Two Monroe County school districts took different approaches this week to masks in the classroom.
The Sparta School Board voted 4-2 Wednesday to impose a mask requirement during a two-hour meeting in the high school auditorium.
Two-thirds of the 36 people who addressed the board spoke against the requirement, and the vote was met with yelling from the audience, some of whom approached the stage where board members were sitting. Three Sparta Police Department officers stood in front of the stage at the meeting’s conclusion.
The Tomah School Board voted 7-0 Tuesday to delay a decision on face coverings to a future meeting. The full board isn’t scheduled to meet again until Sept. 20.
Both school boards voted late last month to keep masks optional for the start of the school year. However, superintendents of both districts cited COVID-19 data from the Monroe County Health Department since the start of the school year as the rationale for a masking requirement. Wisconsin and other states have experienced a renewed spike in COVID-19 cases since the Delta variant of the virus was identified.
In a Sept. 3 post on the Tomah district’s website, Superintendent Dr. Mike Hanson recommended a policy of mandatory face coverings for all students and employees beginning Sept. 9 and a mandatory 14-day quarantine for any student or staff member who comes in contact with a COVID-19 carrier. The quarantine is recommended by the Monroe County Health Department as part of contact tracing.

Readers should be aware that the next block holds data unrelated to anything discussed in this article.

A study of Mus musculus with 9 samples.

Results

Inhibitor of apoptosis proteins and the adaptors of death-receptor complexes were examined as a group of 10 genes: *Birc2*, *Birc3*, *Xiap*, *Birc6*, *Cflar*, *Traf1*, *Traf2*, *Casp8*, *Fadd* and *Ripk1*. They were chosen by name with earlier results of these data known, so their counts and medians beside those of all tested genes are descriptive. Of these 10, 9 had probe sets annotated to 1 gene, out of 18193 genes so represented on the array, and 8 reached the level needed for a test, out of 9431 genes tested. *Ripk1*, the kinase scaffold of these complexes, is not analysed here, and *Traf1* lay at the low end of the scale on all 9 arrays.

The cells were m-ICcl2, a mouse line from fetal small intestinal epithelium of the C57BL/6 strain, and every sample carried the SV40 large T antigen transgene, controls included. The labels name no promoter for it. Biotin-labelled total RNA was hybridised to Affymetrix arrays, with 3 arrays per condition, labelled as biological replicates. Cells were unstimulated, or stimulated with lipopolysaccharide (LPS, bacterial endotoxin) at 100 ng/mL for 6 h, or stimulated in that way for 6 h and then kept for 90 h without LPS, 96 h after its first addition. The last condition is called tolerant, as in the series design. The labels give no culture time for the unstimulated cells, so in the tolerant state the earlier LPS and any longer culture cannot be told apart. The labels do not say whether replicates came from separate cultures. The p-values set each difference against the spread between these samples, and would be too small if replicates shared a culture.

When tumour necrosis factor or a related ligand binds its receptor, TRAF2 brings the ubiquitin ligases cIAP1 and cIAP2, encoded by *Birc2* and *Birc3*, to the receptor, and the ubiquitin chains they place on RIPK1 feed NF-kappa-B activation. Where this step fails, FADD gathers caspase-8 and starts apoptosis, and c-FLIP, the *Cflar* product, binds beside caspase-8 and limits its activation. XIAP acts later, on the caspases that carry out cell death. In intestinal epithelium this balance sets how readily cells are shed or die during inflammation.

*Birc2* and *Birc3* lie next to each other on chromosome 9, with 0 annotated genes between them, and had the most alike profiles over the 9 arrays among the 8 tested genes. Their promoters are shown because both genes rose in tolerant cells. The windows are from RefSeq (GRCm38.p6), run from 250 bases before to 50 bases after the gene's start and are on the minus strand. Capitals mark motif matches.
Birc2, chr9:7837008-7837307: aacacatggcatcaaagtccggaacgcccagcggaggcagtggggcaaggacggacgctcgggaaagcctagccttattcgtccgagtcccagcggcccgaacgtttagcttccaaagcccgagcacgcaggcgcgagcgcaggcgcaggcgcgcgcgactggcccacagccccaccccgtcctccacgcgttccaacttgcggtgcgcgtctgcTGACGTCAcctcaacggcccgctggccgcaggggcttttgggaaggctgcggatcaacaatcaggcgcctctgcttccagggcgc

The policy presented by Superintendent Dr. Amy Van Deuren requires all staff and all students age 5 or older to wear face coverings any time they’re indoors “for the duration of the pandemic.”
During the public comment session, opponents said it’s difficult for students, especially younger ones, to wear a mask for an entire school day.
Joshua Nichols told the board that youngsters have been largely immune from the impacts of COVID-19.
“Our youth have a statistically improbable chance of death,” he said.
He acknowledged that “COVID is a serious disease and can be deadly” but said the pandemic is being mitigated by “vaccines that are safe and easily accessible.”
Melissa Brooks objected to the 14-day quarantine. She said the requirement is unnecessary and draconian.
“We don’t have 60 freshmen quarantined because of an outbreak of COVID; we have 60 freshmen quarantined because of the contact tracing that Monroe County recommends,” she said.
She said the policy means “students will be in a never-ending quarantine cycle ... Stop the contact tracing and the quarantining of the healthy.”
Over 100 students in Sparta are under quarantine, according to several speakers. Van Deuren said the county and school district are following federal Centers for Disease Control guidelines regarding contact tracing.
“If we did less contact tracing under the current mitigation, we would very likely have significantly more quarantines than we do right now,” Van Deuren said.
Several medical professionals spoke in favor of the policy. Sparta physician Dr. Derrick Woodward said local hospitals are close to full due the recent COVID-19 spike and that mitigation measures are still necessary.
Woodward said he has treated over 150 COVID-19 cases but never contracted the disease because he wore a mask.
“Numerous studies have shown that masks do prevent the spread of COVID, despite what earlier comments were,” he said.
The health department reports 5,248 confirmed cases of COVID-19 and 33 deaths since the pandemic began in March 2020. The department reported that 41% of county residents have received complete doses of a vaccine, compared to 52% statewide.